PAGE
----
25th Jan 2022

Hungary gags EU on Gaza war in latest veto

  • Hungarian foreign minister Peter Szijjártó (Photo: consilium.europa.eu)

Twenty six European countries, but not the EU, have urged a ceasefire on Gaza, after Hungary, once again, undermined unanimity.

"The priority is the immediate cessation of all violence and the implementation of a ceasefire," EU foreign affairs chief Josep Borrell said in Brussels on Tuesday (18 May).


"The second is to consider that the upsurge of violence in the last days has led to a high number of civilian casualties ... and that this is unacceptable," he added.

He also condemned rocket attacks by Hamas, the militant Palestinian group which rules Gaza, and said Israel had a right to defend itself.

That was his "intellectual takeaway" on the majority view after holding an emergency video-conference with EU foreign ministers earlier the same day.

"But I do not want to mislead you, I do not want to present what happened today as if all the member states had the same general sense of the discussion," Borrell noted.

"Surely you can guess easily, it is about Hungary. But it is not a novelty," he said, referring to Hungary's track record of vetoing EU criticism of its foreign allies China, Israel, and Russia.

"Frankly, I find it difficult to understand how you cannot agree with them [the 26 countries' remarks on Gaza]," Borrell said.

"But that's the way it is and I have no choice but to take note," he said.

Israeli shelling and airstrikes have so far killed over 210 people in Gaza and displaced over 50,000.

They have also destroyed hospitals, schools, water-sanitation facilities, and whole apartment blocks.

Hamas rockets have killed 12 Israelis.

And fresh clashes erupted in Jerusalem and Ramallah on Tuesday, where Israeli troops fired live ammunition, killing a Palestinian man and wounding 70 others.

"Israeli forces have displayed a shocking disregard for the lives of Palestinian civilians ... in attacks that may amount to war crimes," the London-based charity Amnesty International said.

"I'm sure that all of our enemies ... see the price we are exacting for the aggression against us," Israeli prime minister Benjamin Netanyahu said.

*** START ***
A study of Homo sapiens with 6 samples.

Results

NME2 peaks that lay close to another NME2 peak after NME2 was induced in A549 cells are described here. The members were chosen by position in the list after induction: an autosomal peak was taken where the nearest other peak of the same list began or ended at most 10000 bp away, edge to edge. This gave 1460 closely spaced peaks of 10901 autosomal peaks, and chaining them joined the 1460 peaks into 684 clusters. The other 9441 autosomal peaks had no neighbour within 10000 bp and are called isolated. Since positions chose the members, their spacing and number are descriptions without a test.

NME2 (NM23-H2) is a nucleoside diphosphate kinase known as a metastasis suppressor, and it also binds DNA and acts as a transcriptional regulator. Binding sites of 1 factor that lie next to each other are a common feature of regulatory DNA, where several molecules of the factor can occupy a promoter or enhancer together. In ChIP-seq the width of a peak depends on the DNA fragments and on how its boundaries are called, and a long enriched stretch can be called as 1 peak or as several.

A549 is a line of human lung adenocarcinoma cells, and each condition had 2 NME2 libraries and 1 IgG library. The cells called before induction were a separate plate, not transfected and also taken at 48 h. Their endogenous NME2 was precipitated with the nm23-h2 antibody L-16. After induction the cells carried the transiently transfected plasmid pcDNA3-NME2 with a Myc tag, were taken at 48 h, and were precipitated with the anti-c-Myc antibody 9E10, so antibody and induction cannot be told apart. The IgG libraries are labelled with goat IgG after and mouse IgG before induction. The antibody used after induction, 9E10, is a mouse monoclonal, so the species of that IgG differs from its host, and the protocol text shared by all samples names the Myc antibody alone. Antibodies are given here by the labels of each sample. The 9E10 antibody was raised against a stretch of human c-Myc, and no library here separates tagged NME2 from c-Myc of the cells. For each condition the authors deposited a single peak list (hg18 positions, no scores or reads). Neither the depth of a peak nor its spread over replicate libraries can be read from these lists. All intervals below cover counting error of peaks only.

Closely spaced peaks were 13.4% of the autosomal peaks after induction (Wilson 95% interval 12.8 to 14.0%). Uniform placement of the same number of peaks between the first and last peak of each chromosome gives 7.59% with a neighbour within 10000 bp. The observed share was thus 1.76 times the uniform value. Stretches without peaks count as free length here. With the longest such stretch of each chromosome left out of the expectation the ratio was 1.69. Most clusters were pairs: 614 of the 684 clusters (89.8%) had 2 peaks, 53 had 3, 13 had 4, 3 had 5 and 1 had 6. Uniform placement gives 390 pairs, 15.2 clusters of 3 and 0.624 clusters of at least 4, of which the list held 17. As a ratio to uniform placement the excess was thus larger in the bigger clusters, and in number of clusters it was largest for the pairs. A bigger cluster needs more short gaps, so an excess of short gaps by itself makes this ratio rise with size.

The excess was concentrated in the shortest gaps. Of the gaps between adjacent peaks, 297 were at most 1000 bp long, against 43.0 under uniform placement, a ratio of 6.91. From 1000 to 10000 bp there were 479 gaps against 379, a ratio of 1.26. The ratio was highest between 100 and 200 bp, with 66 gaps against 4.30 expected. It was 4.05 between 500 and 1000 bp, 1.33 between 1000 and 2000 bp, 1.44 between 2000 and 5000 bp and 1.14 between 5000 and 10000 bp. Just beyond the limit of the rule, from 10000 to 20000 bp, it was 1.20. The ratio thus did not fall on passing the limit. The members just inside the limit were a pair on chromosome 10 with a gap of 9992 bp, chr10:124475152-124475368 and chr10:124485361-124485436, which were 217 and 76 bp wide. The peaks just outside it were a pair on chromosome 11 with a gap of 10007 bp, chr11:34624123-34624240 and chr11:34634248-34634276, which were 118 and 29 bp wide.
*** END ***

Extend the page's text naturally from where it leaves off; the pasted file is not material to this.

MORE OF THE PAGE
For its part, Cyprus voiced dismay about EU disunity.

"The European Union should have, right now, a leading role [in ending the crisis]. It doesn't have that role, either because of differences in approach by member states or because there is no strategic approach from Brussels," Cypriot foreign minister Nikos Christodoulides said on Cypriot TV.

Borrell admitted Europe had done too little to stymie the root causes of the conflict.

"The European Union ... [has] been looking the other way, hoping that the problem will be solved by itself. Well, this is not the case," he said.

"One of the reasons for the dramatic situation today is precisely because there is no perspective for a political process," French foreign minister Jean-Yves Le Drian also said in Paris.

"The images [from the Gaza war] are terrible and cannot leave anyone indifferent," he added.

"Each day brings greater risks: the risk of the conflict spreading to the West Bank, the risk of violence inside Israel itself, the risk that the conflict becomes a regional one," Le Drian said.

"The weapons must finally fall silent," German foreign minister Heiko Maas also said.

"We must use our relationships with both sides to encourage confidence-building steps," Maas added.

"We can try to get a ceasefire, then provide humanitarian aid, and then see what can be done to restart the Middle East peace process," the Maltese foreign minister, Evarist Bartolo, told the Reuters news agency.

Hungary's line

But all that left Hungary to say its 26 EU allies were wrong.

"I have a general problem with these European statements on Israel ... These are usually very much one-sided and these statements do not help," Hungarian foreign minister Peter Szijjártó told the AFP news agency on Tuesday.

"EU diplomacy should not consist only of judgements, negative statements, and sanctions," he said.

"I think less judgment, less lecturing, less criticism, less interference and more pragmatic cooperation could give back a lot of strength to the European Union," Szijjártó added.

Hungary, on 10 May, also vetoed an EU statement about China's crackdown on Hong Kong pro-democracy protesters, citing similar reasons.

Borrell, at the time, said: "We will continue working [on Hungary's objections] for one more week ... just one more week".

"If unanimity is not reached ... we will have to take a position which does not reflect unanimity," Borrell said.

But there was new EU-26 statement on Hong Kong out yet as of Wednesday morning, eight days later.